US faces ‘difficult questions’ on Egypt ties after Gaza ceasefire

Advocates question Joe Biden’s promise to take a rights-based approach to foreign policy amid Egypt-led mediation.

US President Joe Biden is facing renewed scrutiny over the United States’ relationship with Egypt – and his promise to stand up to rights abuses committed by President Abdel Fattah el-Sisi’s government – in the wake of 11 days of deadly violence in the Gaza Strip.

Washington this month relied heavily on Egyptian mediators, who shuttled between Tel Aviv and Gaza to reach and maintain a ceasefire between Israel and Palestinian faction Hamas, which governs the besieged Palestinian territory.

In so doing, the Biden administration has been confronted with lingering questions over its promise to take a “human rights centred” approach to Egypt, which has long served as an interlocutor in the Israel-Palestine conflict as one of the few countries that engages with both Israel and Hamas.

The US president had previously said there would be “no more blank checks” for el-Sisi, whom he called his predecessor Donald Trump’s “favorite dictator”, but some rights advocates say Biden has already fallen short of that commitment.

“Once again, we see that nothing has changed,” said Sarah Leah Whitson, executive director of Democracy for the Arab World Now (DAWN), a Washington, DC-based think-tank.

“[Antony] Blinken did not meet with a single civil society representative during his stop in Cairo,” she said of the US secretary of state’s visit to the Egyptian capital last week in support of the ceasefire.

“He said no more about human rights than [former Secretary of State Mike] Pompeo and the Trump administration before him.”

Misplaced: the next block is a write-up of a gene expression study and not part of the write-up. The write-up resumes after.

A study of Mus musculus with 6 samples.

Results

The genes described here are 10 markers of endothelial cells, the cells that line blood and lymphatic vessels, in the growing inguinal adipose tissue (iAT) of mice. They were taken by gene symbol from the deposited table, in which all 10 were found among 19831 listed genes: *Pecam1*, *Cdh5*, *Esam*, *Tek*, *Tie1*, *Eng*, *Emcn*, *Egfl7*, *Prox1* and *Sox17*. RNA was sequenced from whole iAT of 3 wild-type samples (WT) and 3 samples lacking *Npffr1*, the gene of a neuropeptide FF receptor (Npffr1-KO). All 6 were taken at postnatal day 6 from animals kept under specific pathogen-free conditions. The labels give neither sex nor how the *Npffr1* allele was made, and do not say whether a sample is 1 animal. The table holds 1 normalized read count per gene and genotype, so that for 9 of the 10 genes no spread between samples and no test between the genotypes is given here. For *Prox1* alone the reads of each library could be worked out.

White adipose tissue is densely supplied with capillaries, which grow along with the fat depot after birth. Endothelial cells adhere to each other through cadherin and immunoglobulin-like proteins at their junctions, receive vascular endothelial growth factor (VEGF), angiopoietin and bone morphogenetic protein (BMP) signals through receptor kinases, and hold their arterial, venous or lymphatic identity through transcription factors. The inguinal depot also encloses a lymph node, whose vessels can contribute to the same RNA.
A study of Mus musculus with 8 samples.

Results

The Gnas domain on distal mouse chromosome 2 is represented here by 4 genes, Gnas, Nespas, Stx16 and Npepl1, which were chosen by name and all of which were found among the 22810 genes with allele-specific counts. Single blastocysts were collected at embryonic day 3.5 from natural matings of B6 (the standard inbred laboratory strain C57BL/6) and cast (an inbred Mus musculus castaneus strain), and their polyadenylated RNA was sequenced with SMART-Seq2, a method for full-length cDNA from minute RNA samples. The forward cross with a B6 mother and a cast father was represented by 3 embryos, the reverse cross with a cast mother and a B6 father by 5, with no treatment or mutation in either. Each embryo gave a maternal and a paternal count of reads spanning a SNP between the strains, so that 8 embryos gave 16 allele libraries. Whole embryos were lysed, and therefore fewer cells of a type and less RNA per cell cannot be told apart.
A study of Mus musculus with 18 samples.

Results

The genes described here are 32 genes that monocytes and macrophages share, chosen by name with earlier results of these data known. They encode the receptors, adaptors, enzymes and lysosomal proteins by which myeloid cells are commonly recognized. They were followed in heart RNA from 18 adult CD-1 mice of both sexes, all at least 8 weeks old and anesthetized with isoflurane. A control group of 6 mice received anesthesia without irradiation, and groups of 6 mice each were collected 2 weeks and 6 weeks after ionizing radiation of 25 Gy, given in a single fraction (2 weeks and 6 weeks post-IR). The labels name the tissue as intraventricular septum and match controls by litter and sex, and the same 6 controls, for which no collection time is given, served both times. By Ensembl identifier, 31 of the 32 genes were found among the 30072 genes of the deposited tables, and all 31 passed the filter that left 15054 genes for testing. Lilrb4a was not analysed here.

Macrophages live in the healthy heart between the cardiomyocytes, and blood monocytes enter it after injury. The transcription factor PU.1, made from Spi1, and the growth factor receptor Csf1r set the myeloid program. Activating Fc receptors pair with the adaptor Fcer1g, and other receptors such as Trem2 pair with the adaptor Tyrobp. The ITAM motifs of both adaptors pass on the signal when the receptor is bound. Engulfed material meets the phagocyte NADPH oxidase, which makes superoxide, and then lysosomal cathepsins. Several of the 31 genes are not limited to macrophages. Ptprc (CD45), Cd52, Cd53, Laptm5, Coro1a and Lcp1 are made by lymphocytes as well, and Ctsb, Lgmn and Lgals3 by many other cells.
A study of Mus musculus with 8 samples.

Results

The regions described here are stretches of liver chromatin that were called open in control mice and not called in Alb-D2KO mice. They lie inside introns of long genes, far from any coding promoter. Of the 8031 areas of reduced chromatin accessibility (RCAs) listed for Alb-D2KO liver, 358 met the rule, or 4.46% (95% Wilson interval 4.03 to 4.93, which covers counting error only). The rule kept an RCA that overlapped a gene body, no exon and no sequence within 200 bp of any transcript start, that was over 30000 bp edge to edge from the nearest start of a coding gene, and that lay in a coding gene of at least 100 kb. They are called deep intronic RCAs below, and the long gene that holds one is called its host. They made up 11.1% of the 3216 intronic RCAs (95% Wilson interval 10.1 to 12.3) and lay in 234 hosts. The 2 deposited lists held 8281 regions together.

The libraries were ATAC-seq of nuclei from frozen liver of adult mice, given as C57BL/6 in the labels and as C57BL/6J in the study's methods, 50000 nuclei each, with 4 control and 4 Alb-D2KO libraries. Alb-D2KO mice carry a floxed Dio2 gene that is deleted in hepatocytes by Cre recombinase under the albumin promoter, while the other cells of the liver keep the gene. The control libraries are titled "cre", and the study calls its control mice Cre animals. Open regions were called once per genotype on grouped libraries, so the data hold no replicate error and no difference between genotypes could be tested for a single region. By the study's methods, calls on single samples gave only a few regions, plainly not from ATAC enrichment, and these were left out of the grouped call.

‘Strategic partnership’
In two calls between Biden and el-Sisi this month – the first since Biden took office in January – the US president “thanked Egypt for its successful diplomacy”, according to a readout from the White House. “President Biden underscored the importance of a constructive dialogue on human rights in Egypt,” the statement added.

On Wednesday’s visit to Cairo, Blinken also affirmed the US’s “strategic partnership” with Egypt.

He told reporters he had a “lengthy discussion and exchange on human rights” with the Egyptian leader, who came to power in a 2013 military coup that overthrew President Mohamed Morsi. El-Sisi was most recently re-elected in 2018, running virtually unopposed after his main challenger was arrested and several candidates dropped out citing intimidation.

Seth Binder, the advocacy officer at the Project on Middle East Democracy (POMED), said the Biden administration’s expression of gratitude “misread” the situation and sent the wrong message to Cairo.

“The Egyptians are doing this out of their own interest,” he told Al Jazeera. “We don’t need to bend over backwards to try to congratulate them on doing what’s in their interests.

“We can still work with them on brokering a ceasefire, and at the same time pressure them and continue to centre human rights in the relationship.”